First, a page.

There are several different types of players you will encounter at the poker tables. While it is our job to identify the player type as quickly as possible so we can start exploiting their leaks I can assure you, the vast majority of the players will encounter will be recreational players.
What do I mean by recreational players, or Recs for short?
These are players who like playing poker but are really at the casino for the social aspect of the game. They will often be with a friend or two, inevitably they will want to sit at the same table, they will have a couple of drinks and “mix it up” on the felt.
The hallmark of a Rec player is how little they know about sound poker strategy, no matter what they try to tell you. The telltale signs of a Rec player are:
1) The lack of pre-flop raises
2) The lack of betting for thin value
3) An over-reliance on “tricky” or “traping” play
4) Transparency in bet sizing and calling
Rec players will rarely if ever raise pre-flop since they feel any hand can be the winning hand and they wouldn’t want to scare someone off. However, on the flip side, they will not hesitate to limp-call a large (5-10x) raise. They will once in a while limp and then back raise, thinking they are being tricky, but they couldn’t be more transparent if they turned over their pocket aces.
These are the players you want to target most because they are the easiest to take advantage of and also tend to be pretty transparent when they do have a hand.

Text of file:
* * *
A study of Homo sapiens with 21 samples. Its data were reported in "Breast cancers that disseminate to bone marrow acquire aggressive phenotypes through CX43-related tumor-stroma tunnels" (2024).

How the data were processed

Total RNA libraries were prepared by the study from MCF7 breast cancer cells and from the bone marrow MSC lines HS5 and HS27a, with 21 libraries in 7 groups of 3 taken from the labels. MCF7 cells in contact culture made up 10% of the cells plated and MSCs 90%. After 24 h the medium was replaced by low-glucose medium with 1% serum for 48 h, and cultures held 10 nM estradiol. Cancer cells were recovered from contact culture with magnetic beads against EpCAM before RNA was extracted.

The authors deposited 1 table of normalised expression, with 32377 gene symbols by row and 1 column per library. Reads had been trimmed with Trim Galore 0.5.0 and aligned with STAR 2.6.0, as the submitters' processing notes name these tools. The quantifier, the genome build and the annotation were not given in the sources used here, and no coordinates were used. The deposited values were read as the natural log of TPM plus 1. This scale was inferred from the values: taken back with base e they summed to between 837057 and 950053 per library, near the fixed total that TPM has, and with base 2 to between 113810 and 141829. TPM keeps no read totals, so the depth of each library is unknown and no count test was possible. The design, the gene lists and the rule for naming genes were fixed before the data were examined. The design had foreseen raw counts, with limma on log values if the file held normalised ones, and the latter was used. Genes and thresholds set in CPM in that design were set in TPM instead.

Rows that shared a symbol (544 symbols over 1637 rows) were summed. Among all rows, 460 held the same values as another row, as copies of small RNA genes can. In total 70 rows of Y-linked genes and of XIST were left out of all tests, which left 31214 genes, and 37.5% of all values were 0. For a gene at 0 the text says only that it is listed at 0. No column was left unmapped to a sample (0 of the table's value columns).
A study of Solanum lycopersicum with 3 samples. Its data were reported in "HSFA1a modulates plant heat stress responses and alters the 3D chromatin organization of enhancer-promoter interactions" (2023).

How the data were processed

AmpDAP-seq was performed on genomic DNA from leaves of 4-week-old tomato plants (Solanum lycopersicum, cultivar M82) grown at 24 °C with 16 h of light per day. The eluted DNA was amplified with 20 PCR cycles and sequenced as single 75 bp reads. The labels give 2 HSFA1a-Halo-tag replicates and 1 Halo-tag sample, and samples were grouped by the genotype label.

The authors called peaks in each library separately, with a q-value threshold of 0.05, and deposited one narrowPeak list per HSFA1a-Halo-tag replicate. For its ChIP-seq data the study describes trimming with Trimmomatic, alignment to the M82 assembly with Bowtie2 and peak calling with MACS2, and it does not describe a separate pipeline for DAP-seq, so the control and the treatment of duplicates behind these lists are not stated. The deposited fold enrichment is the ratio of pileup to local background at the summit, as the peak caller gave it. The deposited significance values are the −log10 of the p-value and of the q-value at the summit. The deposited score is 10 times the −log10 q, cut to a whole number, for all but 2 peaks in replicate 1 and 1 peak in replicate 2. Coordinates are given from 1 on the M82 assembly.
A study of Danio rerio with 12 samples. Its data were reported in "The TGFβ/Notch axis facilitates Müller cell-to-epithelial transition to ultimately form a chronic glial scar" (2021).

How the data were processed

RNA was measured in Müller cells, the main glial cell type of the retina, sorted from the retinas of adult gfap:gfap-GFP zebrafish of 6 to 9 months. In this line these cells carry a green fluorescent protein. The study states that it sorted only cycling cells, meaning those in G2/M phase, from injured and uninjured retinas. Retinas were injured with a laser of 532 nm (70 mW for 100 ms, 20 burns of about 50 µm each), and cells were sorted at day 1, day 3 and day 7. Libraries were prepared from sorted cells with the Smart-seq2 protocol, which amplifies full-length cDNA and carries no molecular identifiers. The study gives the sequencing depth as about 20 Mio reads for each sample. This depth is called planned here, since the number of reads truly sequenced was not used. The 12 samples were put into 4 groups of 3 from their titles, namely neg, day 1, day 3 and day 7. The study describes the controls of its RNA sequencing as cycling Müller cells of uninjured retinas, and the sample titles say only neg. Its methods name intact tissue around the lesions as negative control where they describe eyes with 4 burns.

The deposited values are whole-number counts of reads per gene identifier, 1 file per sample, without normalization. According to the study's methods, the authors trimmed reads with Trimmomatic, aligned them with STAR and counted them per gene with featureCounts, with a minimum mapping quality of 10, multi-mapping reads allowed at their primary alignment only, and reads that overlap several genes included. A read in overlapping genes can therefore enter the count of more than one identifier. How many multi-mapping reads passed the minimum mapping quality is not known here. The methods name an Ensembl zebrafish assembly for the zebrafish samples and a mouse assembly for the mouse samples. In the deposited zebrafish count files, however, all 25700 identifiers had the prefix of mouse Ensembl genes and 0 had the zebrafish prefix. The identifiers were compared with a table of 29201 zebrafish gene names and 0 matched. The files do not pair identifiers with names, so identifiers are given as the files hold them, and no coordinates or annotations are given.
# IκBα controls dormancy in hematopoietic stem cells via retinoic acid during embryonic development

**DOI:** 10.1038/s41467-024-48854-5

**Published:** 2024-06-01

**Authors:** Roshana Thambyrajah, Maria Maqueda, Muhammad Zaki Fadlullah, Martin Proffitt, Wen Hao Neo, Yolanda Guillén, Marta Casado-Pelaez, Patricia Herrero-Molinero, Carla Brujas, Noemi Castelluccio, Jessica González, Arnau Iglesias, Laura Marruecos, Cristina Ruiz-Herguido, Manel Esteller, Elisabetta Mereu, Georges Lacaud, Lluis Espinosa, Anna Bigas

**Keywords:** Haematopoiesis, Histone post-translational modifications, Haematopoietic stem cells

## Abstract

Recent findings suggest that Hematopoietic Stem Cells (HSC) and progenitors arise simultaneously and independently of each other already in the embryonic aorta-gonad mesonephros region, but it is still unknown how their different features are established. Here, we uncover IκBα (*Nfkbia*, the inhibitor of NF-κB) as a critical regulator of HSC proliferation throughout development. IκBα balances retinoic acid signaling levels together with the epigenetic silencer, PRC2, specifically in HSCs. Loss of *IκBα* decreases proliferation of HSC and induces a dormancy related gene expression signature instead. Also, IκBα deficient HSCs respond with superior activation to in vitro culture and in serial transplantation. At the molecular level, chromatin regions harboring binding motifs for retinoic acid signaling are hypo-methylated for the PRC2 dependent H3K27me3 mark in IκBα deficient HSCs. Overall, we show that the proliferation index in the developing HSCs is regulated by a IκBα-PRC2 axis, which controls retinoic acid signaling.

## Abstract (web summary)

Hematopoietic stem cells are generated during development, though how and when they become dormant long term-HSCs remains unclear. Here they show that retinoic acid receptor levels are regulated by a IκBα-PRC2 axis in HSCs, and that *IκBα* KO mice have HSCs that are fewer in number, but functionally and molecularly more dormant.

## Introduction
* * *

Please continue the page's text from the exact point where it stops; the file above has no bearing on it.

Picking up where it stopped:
To effectively exploit a Rec player you have to learn positional awareness and disciplined opening ranges for your position. What I mean by this is, you have to be aware of your position compared to who is in the hand. Being in an early position means you need to play much tighter than you would on the button or in the cutoff.
Also, keep in mind who is still left to act behind you. Do they have a tendency to raise a lot? Do they 3-bet often? Are they loose and wild or tight and nitty? Knowing the answer to these questions will help you determine the range of hands to play in the various positions as the night goes on.
The next thing to pay attention to is the Rec players betting and calling tendencies. Will they only lead out with 2-pair or better? Do they like to check raise the turn with big hands like sets or flushes? Will they call down large bets on flush and straight draws? Do they call river bets light?
Paying attention and learning these tendencies will allow you to extract max value with your strong hands while minimizing your losses when the Rec player has a big hand against you. Most Rec players have a hard time mixing up their game because they aren’t self-aware enough to know they are repeating their patterns over and over again. Tells aren’t usually as obvious as putting down a cookie when they miss a draw, but they are as obvious as always leading out for $17 when they turn 2-pair. Learning these tendencies will allow you to exploit your opponents and increase your overall win rate dramatically in the long run.